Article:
Government’s Reckless Spending Could Result in Lower U.S. Dollar
If you think holding U.S. dollars is a great investment, think again. The case against keeping the greenback as an investment continues to get stronger.
Before going into any details, know this: a currency is only as strong as its government and economy. If both of these factors aren’t sustainable, the currency faces headwinds.
As it stands, the U.S. government is relatively unstable and the economy is moving in the wrong direction. This is bad news for the U.S. dollar.
First, assessing the U.S. government…
The federal government is having a hard time getting its act together. It continues to spend without remorse.
The U.S. national debt stands at well over $21.0 trillion. For the coming decades, there isn’t really a sign of a balanced budget or surplus. The U.S. government is only expected to register deficits.
So, with ballooning budget deficits, the U.S. national debt could soar much higher. It’s not an out-of-this-world idea that we’ll see the national debt soar to over $30.0 trillion within a decade.
Right now, the U.S. federal government is the most indebted government in the world when looking at nominal value. No other government comes even remotely close to its $21.0-trillion figure. When the debt hits $30.0 trillion, will the creditors to the U.S. government question the country’s ability to pay that debt back?
Out-of-control spending by the U.S. government could be deadly for the U.S. dollar.
But this is not all. Over the past few years, the U.S. government hasn’t been able to get things done. There’s too much noise and deadlock. This is not good for the U.S. dollar either. The longer the standoff persists, the bigger the headwinds will be for the greenback.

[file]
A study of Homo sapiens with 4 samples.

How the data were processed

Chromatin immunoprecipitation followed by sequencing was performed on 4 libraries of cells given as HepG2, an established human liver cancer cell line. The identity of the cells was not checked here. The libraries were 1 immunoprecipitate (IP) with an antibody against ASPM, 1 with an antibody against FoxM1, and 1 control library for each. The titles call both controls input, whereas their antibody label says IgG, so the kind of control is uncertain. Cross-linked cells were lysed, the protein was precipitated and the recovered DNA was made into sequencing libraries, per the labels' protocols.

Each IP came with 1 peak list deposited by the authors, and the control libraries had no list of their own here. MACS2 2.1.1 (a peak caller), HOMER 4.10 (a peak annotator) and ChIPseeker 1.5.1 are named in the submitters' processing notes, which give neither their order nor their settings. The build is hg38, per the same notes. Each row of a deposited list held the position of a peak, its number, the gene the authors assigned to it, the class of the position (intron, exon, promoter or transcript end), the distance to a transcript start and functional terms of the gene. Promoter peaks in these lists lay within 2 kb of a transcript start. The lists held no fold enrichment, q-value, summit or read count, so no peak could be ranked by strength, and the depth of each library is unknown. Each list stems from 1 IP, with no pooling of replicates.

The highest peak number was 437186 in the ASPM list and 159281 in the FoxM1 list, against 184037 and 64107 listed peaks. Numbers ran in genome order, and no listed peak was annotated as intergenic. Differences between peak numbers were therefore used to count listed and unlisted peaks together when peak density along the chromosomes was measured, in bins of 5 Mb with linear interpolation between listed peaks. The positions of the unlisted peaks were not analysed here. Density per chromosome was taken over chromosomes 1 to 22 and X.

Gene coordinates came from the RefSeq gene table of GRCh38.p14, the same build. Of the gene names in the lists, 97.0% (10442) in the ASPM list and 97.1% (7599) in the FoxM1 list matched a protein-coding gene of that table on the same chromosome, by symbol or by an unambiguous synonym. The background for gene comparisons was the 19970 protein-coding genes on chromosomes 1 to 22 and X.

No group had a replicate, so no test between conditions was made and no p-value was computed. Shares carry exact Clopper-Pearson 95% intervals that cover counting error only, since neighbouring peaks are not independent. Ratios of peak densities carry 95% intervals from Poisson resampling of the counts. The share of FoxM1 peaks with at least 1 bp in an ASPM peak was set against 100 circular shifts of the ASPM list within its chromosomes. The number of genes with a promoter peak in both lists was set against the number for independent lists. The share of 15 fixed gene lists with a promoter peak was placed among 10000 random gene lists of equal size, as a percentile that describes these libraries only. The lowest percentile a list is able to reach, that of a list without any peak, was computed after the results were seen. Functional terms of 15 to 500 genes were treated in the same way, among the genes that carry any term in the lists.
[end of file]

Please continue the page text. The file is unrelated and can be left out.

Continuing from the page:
Recession Ahead for the U.S. Economy? This Could Be Bad for the Greenback
Second, looking at the U.S. economy…
The economy had a solid run in the past few years, but there are risks brewing. A recession could be on its way in the coming quarters.
Just pay attention to the yields on long-term and short-term U.S. bonds. Whenever the difference between these yields edges close to zero, it’s one of the surest signs that a recession could be near. This difference in bond yield has predicted the last two recessions with great accuracy.
With that said, the current difference in yield between the 10-year and two-year U.S. bonds is awfully close to zero, at 0.21%.
U.S. Dollar Outlook: Don’t Ignore Gold
Dear reader, the two things that hold any currency together are saying that the U.S. dollar could decline in value in the coming quarters. It’s not sustainable at the current levels.
I really don’t think we will see a collapse-like scenario anytime soon with the U.S. dollar, but keeping it as an investment could result in gradual losses.
Also, I am paying close attention to gold. The yellow precious metal is a great hedge against currency depreciation. It could help investors preserve wealth as the U.S. dollar falls.